Identifying pheromone biosynthetic genes in Neoclytus m. mucronatus (Coleoptera: Cerambycidae) using a differential gene expression approach

Monday, June 1, 2015: 2:31 PM
Alcove (Manhattan Conference Center)
Gabriel Hughes , Department of Entomology, Purdue University, West Lafayette, IN
Matthew Ginzel , Department of Entomology, Purdue University, West Lafayette, IN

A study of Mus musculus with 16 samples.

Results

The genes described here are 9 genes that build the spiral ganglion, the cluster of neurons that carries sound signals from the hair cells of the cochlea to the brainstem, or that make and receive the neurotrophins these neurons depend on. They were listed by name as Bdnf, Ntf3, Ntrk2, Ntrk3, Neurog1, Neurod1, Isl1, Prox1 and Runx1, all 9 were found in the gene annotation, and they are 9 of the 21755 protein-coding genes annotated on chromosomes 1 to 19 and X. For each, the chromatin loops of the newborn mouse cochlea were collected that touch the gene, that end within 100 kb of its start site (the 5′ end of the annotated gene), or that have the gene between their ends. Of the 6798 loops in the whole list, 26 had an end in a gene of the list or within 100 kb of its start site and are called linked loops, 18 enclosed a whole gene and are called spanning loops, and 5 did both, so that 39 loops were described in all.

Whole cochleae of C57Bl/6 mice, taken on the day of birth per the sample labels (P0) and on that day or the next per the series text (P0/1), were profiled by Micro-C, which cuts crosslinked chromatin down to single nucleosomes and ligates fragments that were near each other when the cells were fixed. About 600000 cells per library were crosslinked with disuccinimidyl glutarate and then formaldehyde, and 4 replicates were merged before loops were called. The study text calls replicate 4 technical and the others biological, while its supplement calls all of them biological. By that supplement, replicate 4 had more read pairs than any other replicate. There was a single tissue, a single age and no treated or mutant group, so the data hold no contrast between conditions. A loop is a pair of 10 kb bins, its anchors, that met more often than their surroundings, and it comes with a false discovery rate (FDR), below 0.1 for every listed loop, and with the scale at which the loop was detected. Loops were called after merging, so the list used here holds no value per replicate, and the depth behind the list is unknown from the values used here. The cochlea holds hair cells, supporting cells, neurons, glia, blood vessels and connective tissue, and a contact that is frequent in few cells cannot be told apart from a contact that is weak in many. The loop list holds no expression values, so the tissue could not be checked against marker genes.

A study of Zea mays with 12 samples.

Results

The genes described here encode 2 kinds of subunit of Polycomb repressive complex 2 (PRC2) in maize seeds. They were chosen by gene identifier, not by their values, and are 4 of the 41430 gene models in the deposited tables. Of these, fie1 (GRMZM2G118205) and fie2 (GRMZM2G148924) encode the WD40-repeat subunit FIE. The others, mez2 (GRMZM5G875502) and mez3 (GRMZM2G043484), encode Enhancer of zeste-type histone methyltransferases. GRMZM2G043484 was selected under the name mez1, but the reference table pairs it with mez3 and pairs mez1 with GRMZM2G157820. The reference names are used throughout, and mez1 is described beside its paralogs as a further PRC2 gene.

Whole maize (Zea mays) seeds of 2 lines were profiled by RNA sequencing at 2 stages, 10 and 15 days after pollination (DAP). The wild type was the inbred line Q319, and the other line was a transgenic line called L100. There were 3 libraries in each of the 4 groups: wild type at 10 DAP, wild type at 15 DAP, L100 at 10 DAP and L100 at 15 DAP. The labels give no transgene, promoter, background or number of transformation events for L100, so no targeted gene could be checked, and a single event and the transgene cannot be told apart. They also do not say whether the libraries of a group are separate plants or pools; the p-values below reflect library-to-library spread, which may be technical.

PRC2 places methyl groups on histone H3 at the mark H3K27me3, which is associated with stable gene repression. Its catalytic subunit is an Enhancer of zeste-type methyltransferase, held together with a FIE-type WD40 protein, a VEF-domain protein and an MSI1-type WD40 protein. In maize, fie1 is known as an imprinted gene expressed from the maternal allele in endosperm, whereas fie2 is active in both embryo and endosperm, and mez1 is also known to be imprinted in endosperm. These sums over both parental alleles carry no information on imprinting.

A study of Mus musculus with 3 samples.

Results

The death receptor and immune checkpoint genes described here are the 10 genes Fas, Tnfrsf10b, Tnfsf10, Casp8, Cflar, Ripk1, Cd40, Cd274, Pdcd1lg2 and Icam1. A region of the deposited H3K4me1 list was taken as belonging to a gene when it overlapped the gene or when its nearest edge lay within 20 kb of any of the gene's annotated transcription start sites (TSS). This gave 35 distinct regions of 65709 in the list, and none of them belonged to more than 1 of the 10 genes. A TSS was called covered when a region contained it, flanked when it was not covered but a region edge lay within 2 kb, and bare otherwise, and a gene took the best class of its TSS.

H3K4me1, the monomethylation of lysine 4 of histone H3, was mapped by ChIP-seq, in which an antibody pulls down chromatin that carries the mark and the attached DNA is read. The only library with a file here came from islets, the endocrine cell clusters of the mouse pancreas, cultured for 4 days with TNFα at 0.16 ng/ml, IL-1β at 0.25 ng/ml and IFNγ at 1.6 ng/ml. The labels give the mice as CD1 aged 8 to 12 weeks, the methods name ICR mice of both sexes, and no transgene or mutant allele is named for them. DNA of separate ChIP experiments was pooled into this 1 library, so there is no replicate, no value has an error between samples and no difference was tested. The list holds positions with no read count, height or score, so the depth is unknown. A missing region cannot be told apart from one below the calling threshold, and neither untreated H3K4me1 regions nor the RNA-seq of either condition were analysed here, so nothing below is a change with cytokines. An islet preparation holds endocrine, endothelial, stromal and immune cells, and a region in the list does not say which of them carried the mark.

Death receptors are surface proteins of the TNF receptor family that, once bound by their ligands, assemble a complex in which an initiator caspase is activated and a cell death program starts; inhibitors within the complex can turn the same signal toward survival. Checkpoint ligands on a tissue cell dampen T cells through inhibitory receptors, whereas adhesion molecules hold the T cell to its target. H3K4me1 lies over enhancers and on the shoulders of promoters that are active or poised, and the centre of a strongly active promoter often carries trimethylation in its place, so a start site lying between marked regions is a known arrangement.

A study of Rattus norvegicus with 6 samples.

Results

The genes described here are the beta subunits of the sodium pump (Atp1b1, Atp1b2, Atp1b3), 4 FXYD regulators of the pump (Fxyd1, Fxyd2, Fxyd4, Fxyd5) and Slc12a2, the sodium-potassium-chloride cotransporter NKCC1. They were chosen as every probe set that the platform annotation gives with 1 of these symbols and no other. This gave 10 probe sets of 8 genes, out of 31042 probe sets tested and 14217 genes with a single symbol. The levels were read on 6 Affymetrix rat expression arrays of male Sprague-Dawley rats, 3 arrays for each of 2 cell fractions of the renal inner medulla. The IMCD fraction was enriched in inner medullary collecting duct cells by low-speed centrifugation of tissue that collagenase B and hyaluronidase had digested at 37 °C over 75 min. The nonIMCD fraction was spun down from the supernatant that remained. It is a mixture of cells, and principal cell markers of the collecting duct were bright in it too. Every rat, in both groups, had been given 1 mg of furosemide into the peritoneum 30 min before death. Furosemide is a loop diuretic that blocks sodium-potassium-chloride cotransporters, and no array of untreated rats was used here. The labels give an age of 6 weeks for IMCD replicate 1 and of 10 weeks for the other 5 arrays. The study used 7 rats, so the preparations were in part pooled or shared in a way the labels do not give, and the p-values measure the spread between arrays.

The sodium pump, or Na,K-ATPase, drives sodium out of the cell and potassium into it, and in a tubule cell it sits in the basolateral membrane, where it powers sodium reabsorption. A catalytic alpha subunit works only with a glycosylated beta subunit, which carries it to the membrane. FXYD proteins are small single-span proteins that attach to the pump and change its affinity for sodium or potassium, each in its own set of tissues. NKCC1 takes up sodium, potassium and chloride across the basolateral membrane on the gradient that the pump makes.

The longhorned beetles (Coleoptera: Cerambycidae) are among the most economically important pests of natural and managed forest systems worldwide. Many species produce volatile pheromones to unite the sexes on an appropriate host, and display a characteristic posture while releasing pheromone, or “calling.” Pheromones have been identified for several species and are used in monitoring efforts, but little is known about the biosynthesis of cerambycid pheromones. In this study, we used a differential gene expression approach to identify genes that may be involved in pheromone production. Total RNA was extracted from male Neoclytus m. mucronatus that were either 1) dormant in the morning before dawn, 2) actively calling at noon and 3) actively feeding beetles that were not calling at noon (n=3 for each group). We test the hypothesis that transcripts from pheromone biosynthetic genes are expressed at higher levels in beetles actively releasing pheromone than in resting beetles. A total RNA library was constructed from the extracts using RNAseq, and the relative expression levels between each treatment were compared using the edgeR and DESeq2 packages in R/Bioconductor. We found 50 contigs that were more highly expressed in the noon group, and 48 that were more highly expressed in the morning group. Among the differentially expressed contigs were a short-chain dehydrogenase/reductase resembling a pheromone biosynthetic gene found in Musca domestica, and a cytochrome P450 that closely resembles CYP18A1 in Tribolium castaneum. Understanding genes and key enzymes in the biosynthetic pathway may open new avenues for controlling these pests. This project will also add valuable information about the coding regions from the genome in this group of beetles for which very little is known.